Thursday, 5 September 2013

Just pay your taxes

It seems that Mike Russell is exploring ways of encouraging philanthropists to take on a role is Scottish schools. The cabinet secretary was speaking this week at a conference organised by the David Hume institute. Lindsay Paterson presented his report: Outstanding Students and Philanthropic Contributions in Scottish School Education” at the event. Here Professor Paterson lays out ways in which “the imagination of the philanthropic entrepreneur can be brought to bear on providing opportunities for outstanding students to flourish”.

It’s great that people want to give money to support Scottish education but there are also risks. Lindsay Paterson is right to say that we have to retain democratic accountability in policy making. The Herald also rightly raises concerns about whether such a scheme will widen the existing gap between top and bottom. Too many children fail to achieve their potential.

What happens to pupils with outstanding talents isn’t really the issue in Scottish education. The outstanding students in Scotland already match the outcomes of the highest achievers in international comparisons. Last week at another conference on inequality in education I learned that in maths the highest achieving children match those in Hong Kong but at the other end of the scale we rank alongside Turkey. The issues are why the outcomes are so poor for those from deprived backgrounds and how to raise their attainment. As Mike Russell said “promotion of greater social justice and greater equity in educational outcomes for all our children and young people” should be the priority for government initiatives. Fresh ideas and energy are always welcome but schools need adequate secure funding, (not tied to the whims of big money donors) and education professionals, trained to high standards in order to achieve these goals.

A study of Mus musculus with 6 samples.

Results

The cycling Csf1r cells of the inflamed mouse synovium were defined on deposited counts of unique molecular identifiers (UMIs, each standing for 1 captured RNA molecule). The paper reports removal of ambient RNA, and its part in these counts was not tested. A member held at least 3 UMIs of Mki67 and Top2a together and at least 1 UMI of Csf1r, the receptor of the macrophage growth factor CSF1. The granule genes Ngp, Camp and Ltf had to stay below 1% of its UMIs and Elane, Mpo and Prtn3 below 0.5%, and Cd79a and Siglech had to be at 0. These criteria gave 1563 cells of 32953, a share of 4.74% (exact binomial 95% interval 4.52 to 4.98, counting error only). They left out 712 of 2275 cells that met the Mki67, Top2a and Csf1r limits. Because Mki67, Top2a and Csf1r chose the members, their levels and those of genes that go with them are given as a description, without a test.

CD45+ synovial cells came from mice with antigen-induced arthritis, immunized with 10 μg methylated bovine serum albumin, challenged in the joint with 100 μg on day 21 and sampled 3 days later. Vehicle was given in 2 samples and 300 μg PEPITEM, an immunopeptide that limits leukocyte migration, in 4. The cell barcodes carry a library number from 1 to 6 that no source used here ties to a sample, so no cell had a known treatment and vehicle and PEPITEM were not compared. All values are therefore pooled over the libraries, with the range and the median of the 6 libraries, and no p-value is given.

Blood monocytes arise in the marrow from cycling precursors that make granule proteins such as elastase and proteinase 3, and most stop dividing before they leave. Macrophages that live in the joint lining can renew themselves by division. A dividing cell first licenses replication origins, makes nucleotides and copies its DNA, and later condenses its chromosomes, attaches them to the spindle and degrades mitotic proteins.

Another way forward would be if those who have lots of money who want to support our schools just pay their taxes at a decent rate. That’s how we maintain democratic control over spending. They wouldn’t get a flashy building or fund with their name on it but they would be able to help a lot more children reach their potential.